So says Revelation 13:16. There are many interpretations of the wild events recounted in the Revelation to John. I am most familiar — and comfortable — with the view of the book as an allegory about persecution and redemption, but some folks think that it describes, in some more or less literal way, events that are still to occur.
I don’t know what the Amish view is but they — and certain other denominations — apparently read the text as calling for believers to resist receiving the forecast mark of the beast. This lawsuit, brought in federal court in Michigan, seeks relief from the federally sponsored program (voluntary for the states, but now adopted in Michigan) that requires the placing of RFID chips in cattle to facilitate the tracking of bovine and other livestock diseases. The plaintiffs make a variety of administrative law claims, as well as claims under the National Environmental Policy Act and the Fifth Amendment, but I’m interested in the claims made under the federal Religious Freedoms Restoration Act (RFRA) and a “supplemental” claim under the Michigan Constitution’s Free Exercise Clause. The requisite chips are claimed to require the plaintiffs to take the mark of the beast or to infringe their divinely ordained dominion over the cattle and all other living things. (Genesis 1:26-28.)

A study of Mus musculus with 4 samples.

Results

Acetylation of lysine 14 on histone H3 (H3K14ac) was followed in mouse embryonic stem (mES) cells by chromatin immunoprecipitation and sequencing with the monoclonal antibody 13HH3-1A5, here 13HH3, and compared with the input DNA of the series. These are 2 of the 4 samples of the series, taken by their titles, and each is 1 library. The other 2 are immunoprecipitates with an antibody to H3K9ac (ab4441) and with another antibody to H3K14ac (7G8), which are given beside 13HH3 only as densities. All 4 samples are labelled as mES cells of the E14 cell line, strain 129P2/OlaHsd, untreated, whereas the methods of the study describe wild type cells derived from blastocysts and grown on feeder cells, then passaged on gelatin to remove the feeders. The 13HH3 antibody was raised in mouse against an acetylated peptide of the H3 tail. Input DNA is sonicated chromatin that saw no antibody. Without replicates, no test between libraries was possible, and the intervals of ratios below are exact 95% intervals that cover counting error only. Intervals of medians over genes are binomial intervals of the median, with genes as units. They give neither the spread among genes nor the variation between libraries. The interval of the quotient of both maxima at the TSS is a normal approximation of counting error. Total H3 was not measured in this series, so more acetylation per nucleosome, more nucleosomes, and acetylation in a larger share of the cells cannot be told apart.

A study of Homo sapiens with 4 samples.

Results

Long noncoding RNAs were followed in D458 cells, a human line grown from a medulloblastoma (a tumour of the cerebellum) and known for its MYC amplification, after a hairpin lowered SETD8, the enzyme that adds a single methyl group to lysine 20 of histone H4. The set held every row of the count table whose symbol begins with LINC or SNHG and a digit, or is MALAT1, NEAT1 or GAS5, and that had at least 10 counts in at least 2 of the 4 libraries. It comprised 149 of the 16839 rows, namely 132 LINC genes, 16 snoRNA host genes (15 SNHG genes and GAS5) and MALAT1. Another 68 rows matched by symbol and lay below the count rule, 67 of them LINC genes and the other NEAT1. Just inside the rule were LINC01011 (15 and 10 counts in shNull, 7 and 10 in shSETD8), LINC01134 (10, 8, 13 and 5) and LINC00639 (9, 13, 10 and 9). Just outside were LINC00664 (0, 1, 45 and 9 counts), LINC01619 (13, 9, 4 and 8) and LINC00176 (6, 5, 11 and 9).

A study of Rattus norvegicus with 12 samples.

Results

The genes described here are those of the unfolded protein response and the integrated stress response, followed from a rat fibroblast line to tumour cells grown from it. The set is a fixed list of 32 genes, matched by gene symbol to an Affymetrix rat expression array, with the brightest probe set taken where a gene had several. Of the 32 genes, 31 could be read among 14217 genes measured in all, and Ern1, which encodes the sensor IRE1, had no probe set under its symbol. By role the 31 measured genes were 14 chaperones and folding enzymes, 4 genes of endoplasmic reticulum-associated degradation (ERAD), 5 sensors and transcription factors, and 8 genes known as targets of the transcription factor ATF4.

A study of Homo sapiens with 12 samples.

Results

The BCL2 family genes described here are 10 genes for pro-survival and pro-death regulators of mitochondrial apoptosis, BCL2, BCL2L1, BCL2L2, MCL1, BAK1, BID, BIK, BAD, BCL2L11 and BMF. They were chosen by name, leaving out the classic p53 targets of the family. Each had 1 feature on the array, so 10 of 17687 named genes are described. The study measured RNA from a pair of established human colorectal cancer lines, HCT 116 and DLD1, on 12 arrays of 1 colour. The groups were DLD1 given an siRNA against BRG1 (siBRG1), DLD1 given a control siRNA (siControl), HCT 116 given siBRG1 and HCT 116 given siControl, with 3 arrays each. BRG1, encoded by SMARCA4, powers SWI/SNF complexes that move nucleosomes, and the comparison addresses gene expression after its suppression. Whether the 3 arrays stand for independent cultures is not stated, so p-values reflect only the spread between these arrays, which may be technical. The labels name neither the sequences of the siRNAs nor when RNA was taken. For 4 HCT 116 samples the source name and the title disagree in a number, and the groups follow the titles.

We know that the federal RFRA cannot be applied to the states. The plaintiffs try to get around that by arguing that Michigan is acting to implement federal law (and, it seems, receiving some type of federal grant in return for participation in the program, although the complaint is a bit unclear). If the feds are mandating this in some way as a condition of federal funding, then RFRA may apply.
In the context of this lawsuit, the state law claims almost certainly must be dismissed, with counsel risking sanctions if they refuse a request to do so. Under the Pennhurst line of cases, the Eleventh Amendment has been construed to bar federal courts from hearing requests for injunctive relief compelling state officials to comply with state law.
But the state law claims might, if they could be heard, have merit. Federal free exercise jurisprudence is currently ungenerous toward plaintiffs, holding, as a general matter, that neutral laws of general applicability are not subject to heightened scrutiny even if they substantially burden religious practice.
But some states interpret their own free exercise provisions differently, and Michigan is apparently one of them. So is Wisconsin. These states apply some form of heightened scrutiny to general laws that, when applied to particular religious groups, substantially burden their free exercise. The leading Wisconsin case (written by our own Janine Geske) held that the state could not compel the Amish to place those orange “slow moving vehicle” signs on their buggies.
I don’t know enough about the particular program to express a view on whether the RFRA may be applicable, but there are two lessons here for public interest litigants. First, be wary of the Pennhurst trap. Lawyers who add state law claims as afterthoughts often need to promptly withdraw them. Second, there is a tendency to assume — less pronounced now than in the past — that federal court is “where we ought to be.” This isn’t always the case.